Hoffman Takes Lead at Renovated Colonial as Scheffler Fails to Break Par

Hoffman Takes Lead at Renovated Colonial as Scheffler Fails to Break Par

Charley Hoffman lines up a putt on the 16th hole during the first round of the Charles Schwab Challenge in Fort Worth, Texas, on May 23, 2024. (LM Otero/AP Photo)

The Associated Press

The Associated Press

5/23/2024

Updated: 5/23/2024

Hoffman posted a 5–under 65 for a one-shot lead over five players who all had a big advantage of playing in the morning. Hoffman had to deal with wind that gusted in the 20 mph range, putting a premium on shots into greens that were particularly firm from being so new.
Scheffler’s 2–over 72 was the second time in his past three rounds he was over par. Before that, he had played 41 consecutive rounds at par or better.
Scheffler was in the news all day—first from Louisville, Ky., where police released what video they had of his arrest last Friday morning before the PGA Championship, then from an opening round at Colonial that included his first triple bogey of the year.
Scheffler wasn’t alone in his struggles.
Only 45 players from the 132-man field broke par, a stark contrast from the record scoring last week at the PGA Championship. Max Homa failed to make a birdie and posted a 78, his highest score at a non-major since the Memorial four years ago.
Much of that had to do with Colonial, which went through an extensive restoration since last year’s tournament that included new sod from tee-to-green along with an upgraded irrigation system.
The greens were firm and bouncy from new sod, as expected—no one had played Colonial after the renovation until this week—and the wind added to the difficulty.
Hoffman saw that no one posted better than 66 in the morning—a group that included British Open champion Brian Harman and Tony Finau—and realized it probably wouldn’t be easy. Fairways and greens are not always his strength, but that was the best approach.
Hoffman missed only two fairways and three greens, and he never came seriously close to dropping a shot.
“It’s one of those golf courses you want to be aggressive on because you have some mid and low irons in, but you can’t get too aggressive out here because the greens are small and it’s hard to get up-and-down,” Hoffman said. “So I would say it was somewhat an easy 5 under, which are nice. They’re not always that way, but it was low stress.”
Harman and Martin Laird also played bogey-free in the morning for their 66s, and they were joined by Finau, S.H. Kim, and Davis Riley.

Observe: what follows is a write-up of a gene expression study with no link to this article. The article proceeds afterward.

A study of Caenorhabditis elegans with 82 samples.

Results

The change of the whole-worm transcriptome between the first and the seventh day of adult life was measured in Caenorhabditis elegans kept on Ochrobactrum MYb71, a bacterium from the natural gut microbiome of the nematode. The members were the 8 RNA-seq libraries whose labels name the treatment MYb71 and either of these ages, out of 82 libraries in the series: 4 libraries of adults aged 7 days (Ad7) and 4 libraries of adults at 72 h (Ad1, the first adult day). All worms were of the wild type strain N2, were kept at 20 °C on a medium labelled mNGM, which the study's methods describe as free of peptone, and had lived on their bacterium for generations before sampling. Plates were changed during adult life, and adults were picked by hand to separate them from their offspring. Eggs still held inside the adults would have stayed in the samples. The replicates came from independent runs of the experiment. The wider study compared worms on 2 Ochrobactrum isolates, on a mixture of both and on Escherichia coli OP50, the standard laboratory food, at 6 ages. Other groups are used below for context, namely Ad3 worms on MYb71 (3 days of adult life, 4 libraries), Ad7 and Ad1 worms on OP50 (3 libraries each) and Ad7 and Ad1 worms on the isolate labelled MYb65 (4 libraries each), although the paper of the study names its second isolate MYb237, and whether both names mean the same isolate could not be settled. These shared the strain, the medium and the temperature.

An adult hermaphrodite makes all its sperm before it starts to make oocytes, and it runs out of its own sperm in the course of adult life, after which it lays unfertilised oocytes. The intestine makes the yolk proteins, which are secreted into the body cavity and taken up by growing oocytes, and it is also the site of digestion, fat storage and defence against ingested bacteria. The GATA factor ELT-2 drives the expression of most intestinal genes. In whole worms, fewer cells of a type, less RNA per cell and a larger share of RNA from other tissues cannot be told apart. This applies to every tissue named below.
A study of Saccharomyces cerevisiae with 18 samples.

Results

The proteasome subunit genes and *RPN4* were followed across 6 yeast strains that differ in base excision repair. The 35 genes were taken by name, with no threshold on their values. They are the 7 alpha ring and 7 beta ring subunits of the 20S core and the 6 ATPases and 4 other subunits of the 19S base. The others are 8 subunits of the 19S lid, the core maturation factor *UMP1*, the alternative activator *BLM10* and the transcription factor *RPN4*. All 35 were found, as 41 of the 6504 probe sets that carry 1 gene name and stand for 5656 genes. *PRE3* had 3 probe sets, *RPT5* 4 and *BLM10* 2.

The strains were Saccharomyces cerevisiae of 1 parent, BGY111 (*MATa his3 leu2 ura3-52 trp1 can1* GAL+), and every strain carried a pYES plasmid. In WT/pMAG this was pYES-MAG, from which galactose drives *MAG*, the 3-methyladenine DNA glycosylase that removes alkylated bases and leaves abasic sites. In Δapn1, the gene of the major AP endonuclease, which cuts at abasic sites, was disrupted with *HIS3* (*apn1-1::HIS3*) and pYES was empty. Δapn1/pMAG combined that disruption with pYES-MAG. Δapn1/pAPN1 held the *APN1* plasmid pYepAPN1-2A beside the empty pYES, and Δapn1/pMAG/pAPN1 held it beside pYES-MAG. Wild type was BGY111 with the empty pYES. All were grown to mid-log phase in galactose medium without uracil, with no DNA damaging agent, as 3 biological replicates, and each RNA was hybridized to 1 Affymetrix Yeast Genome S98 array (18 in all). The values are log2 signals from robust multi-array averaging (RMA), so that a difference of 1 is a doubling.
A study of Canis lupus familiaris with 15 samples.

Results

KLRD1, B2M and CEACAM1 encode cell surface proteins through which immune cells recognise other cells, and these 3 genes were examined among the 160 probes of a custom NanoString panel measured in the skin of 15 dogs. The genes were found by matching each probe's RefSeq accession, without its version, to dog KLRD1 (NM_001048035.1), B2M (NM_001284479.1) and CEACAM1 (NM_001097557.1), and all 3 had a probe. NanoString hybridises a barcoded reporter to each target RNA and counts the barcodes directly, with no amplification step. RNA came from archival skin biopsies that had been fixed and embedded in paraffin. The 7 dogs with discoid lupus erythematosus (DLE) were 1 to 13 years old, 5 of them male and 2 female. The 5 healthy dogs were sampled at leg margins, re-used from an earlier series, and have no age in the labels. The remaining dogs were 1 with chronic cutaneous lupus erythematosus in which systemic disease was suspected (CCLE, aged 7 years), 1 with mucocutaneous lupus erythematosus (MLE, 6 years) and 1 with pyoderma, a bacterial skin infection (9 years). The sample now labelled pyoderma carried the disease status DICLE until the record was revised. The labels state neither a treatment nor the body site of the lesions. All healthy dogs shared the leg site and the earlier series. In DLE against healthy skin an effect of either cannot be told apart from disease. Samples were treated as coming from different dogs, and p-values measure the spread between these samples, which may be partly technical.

Collin Morikawa, who played in the final group at the Masters and the PGA Championship this year, was among those who opened with 68.
Harman felt everyone was on equal footing, regardless of past results, because it felt so new, even as the “essence of the course” was the same.
Brian Harman putts on the fifth green during the first round of the Charles Schwab Challenge in Fort Worth, Texas, on May 23, 2024. (LM Otero/AP Photo)

Brian Harman putts on the fifth green during the first round of the Charles Schwab Challenge in Fort Worth, Texas, on May 23, 2024. (LM Otero/AP Photo)

“The fear when you redo an iconic place like this is that they mess it up, and I feel pretty confident saying that they didn’t mess it up,” Harman said. “Now the course needs time to mature. The grass really isn’t quite where it needs to be yet. It takes a long time for those roots to get their structure and for everything to settle down.
“I’m going to hold off judgment for another couple years probably on how I think about it, but I don’t think they messed it up. I think they did a pretty good job.”
Scheffler has gone through a most unusual week dating to his arrest in the morning darkness before his second round of the PGA Championship. Police were investigating a pedestrian fatality and arrested—and briefly jailed—Scheffler for allegedly not following traffic directions.
Scheffler was released and made it back to Valhalla less than a hour before his tee time and shot 66. But he followed with a 73—ending his par-or-better streak—and shot 65 on the final day to tie for eighth.
At a news conference in Louisville, the police chief said the arresting officer is facing “corrective action” for not using his body camera during the arrest. Scheffler faces a June 3 arraignment on four charges, including second-degree assault of a police officer. The officer claims he was dragged by Scheffler’s car. There was no video of their first interaction.
Scheffler opened with two birdies through four holes until dropping shots by coming up short from the rough on the par-4 seventh, and on the par-4 ninth from a fairway bunker.
But his round went south on the par-3 13th, an 8-iron that was short and right and into the pond. His wedge from the drop zone spun off the green, and he chipped to 8 feet and missed the putt. He finished with four pars and a birdie.
Adam Scott, the only player to win on every current PGA Tour stop in Texas, opened with a 69 in his first time at Colonial since 2018. He won in 2013 in his first start at No. 1 in the world.
Jordan Spieth hit wedge to 2 feet on his final hole to salvage a 71.